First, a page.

January saw the start of the Chinese New Year, marking the Year of the Rooster. Donald Trump bought a few policy chickens home to roost over the month, not least with his immigration ban, which led to some universal protestation. Such politicking certainly influenced markets and currencies, but global equities registered positive returns, with Asian and emerging markets outperforming their developed market counterparts over the month.
Away from the political noise, recent global economic data has been broadly positive. Global manufacturing PMIs have hit levels not seen for nearly three years. This provided optimism that global GDP could be upgraded to 3%, up from a forecast of 2.7%.
Headlines in the UK continue to be dominated by all things Brexit, but we believe that trying to work out what form it will take is fruitless. However, at present, Brexit is not adversely affecting the UK economy as widely predicted, with recent growth forecasts for the year being upgraded from 1.4% to 2%. This could provide some stability for sterling and we are looking towards increasing our exposure to UK mid and small cap equities.
It has been a positive start to the year for regional equity markets. The reflationary outlook continues to drive up demand for higher-risk assets. The pro-growth policies set out by the Trump administration have created a wave of optimism, and with the volatility index at very low levels, we wonder if investors are becoming complacent.
However, it has provided us with the opportunity to increase our exposure to the US and Europe, adding smaller companies exposure in the former and economically sensitive, domestically focused positions in the latter.
Asian and emerging market equities have started the year strong, largely helped by dollar weakness. The biggest risks facing these markets in the short term remain US dollar strength, US Treasury yields and Chinese economic instability. However, we can also add potential trade tariffs as Trump seems adamant on applying his pre-election policy pledges.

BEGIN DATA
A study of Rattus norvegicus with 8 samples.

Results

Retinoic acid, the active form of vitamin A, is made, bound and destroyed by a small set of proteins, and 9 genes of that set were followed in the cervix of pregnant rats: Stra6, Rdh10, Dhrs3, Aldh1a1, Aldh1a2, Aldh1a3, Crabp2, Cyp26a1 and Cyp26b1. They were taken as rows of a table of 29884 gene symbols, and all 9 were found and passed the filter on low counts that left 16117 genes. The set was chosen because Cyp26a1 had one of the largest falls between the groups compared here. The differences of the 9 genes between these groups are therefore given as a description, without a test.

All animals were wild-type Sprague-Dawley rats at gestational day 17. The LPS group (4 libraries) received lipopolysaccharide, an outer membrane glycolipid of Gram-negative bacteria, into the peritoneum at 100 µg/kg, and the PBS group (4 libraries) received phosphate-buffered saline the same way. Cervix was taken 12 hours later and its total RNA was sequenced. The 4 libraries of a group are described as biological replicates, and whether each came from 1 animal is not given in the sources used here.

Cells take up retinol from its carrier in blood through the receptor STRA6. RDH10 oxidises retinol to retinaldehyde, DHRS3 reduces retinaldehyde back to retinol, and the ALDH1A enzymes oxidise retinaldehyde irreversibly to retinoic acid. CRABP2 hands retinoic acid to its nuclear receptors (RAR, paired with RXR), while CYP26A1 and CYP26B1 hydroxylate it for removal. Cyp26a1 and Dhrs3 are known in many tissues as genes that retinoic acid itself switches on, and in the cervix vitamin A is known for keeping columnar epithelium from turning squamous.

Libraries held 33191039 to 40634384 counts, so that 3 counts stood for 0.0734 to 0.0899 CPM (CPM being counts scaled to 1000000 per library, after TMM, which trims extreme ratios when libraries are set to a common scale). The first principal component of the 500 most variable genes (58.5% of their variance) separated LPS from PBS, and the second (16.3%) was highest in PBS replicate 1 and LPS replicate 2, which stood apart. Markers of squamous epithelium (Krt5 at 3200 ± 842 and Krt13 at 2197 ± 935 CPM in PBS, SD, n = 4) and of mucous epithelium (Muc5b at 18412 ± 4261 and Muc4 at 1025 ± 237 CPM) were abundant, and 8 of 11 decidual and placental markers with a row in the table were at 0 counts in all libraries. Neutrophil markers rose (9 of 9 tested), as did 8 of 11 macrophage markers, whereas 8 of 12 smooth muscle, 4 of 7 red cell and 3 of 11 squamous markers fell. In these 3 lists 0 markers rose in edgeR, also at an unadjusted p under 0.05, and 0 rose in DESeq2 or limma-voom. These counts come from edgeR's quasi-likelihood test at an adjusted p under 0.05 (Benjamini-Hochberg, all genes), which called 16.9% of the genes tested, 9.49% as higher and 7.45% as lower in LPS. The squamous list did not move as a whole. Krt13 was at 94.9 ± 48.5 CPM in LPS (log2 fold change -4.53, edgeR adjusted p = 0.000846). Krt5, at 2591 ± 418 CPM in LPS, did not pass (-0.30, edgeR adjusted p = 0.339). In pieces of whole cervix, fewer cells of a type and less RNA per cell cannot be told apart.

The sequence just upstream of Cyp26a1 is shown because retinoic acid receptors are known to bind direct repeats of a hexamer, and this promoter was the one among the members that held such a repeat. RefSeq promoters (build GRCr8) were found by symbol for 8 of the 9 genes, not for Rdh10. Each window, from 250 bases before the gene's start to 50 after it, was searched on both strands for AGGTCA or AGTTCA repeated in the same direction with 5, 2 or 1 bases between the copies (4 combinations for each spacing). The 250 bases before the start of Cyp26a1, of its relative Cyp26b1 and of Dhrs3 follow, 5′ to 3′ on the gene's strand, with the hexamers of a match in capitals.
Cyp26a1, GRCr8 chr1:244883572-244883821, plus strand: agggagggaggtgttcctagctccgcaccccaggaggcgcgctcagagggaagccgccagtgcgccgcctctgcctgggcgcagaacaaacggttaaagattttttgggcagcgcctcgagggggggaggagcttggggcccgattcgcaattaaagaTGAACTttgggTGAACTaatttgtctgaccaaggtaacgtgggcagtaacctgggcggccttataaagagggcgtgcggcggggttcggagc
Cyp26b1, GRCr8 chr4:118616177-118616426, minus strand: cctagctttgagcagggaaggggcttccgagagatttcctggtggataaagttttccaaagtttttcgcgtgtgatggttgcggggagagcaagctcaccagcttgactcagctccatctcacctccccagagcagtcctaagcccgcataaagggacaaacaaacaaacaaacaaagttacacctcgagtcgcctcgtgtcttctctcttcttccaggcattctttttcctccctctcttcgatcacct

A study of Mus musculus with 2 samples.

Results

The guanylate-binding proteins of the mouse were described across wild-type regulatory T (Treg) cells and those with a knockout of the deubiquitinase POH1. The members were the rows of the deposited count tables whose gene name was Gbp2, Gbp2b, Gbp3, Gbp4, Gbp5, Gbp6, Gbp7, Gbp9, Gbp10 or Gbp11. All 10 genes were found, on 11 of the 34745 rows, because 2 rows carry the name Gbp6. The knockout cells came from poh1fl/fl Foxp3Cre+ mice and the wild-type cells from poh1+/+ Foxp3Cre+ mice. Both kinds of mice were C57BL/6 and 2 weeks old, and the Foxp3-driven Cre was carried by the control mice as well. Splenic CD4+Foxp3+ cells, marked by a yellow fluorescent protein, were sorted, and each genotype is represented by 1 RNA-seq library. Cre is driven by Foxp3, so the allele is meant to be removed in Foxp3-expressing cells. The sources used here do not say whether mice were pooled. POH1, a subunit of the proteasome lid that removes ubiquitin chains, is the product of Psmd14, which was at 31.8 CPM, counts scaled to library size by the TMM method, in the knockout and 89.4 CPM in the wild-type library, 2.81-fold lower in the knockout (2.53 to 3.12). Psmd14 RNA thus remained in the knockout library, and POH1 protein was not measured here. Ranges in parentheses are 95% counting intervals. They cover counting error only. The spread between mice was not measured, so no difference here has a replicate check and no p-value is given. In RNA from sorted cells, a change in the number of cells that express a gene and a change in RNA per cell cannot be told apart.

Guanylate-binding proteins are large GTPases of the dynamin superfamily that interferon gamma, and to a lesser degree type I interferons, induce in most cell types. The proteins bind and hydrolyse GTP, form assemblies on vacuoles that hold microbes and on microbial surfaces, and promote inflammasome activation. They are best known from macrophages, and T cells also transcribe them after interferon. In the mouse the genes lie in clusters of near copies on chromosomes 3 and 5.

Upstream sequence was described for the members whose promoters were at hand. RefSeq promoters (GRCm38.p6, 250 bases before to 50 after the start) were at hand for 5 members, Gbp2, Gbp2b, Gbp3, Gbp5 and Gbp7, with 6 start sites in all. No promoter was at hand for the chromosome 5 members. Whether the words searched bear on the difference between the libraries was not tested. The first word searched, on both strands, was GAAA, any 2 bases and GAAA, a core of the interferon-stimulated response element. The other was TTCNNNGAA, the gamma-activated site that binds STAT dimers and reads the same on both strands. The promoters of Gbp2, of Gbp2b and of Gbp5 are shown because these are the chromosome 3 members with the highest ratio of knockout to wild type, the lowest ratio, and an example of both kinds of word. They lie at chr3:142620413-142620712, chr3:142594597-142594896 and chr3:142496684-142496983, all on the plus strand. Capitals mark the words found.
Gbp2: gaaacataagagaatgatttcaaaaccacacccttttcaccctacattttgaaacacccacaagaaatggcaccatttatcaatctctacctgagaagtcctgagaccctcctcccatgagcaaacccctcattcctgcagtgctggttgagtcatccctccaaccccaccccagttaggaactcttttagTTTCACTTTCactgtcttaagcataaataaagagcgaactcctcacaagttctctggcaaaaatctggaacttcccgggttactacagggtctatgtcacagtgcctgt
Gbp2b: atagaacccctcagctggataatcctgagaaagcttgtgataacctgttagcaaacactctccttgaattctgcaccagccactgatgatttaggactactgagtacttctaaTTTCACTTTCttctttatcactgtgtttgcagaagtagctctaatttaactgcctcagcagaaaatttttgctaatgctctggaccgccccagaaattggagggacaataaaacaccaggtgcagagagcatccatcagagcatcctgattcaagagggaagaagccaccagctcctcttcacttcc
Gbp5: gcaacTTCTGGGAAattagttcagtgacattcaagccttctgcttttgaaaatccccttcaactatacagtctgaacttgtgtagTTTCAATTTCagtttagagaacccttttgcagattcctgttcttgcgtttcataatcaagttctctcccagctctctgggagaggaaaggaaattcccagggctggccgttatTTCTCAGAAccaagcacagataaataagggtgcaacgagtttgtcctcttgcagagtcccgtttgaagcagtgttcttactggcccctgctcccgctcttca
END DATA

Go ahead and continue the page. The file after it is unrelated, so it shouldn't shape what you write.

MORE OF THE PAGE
Despite these factors, Asian and emerging market equities still look attractive over the longer term. Structural reforms, better corporate governance, greater consumerism and relatively cheap valuations mean we favour the longer-term case for these markets, but only for those prepared to tolerate the risk.
The reflationary outlook has led to a soft start to the year for government bonds, with yields increasing. Inflation numbers have been spiking up, largely driven by oil and commodity prices. Inflation is the enemy of bonds and investors are favouring other areas for real returns.
Our preference for corporate bonds over government bonds remains. However, although we do not invest directly in UK gilts, we are still not convinced the inflationary environment is here to stay just yet or that this is the end of the 30-year bull market in bonds.
The unpredictable politically driven events that are set to unfold throughout the year are not a reason in itself not to invest. We have seen that hiding in cash in 2016 as protection from last year’s shock events would have seen you miss out on double digit returns across most global equity and bond markets.
Indeed, even with some equity indices reaching all-time highs, we believe the year ahead can provide many opportunities for those prepared to ignore short-term noise, focus on valuations and take a longer-term perspective.
Ben Willis is head of research at Whitechurch Securities.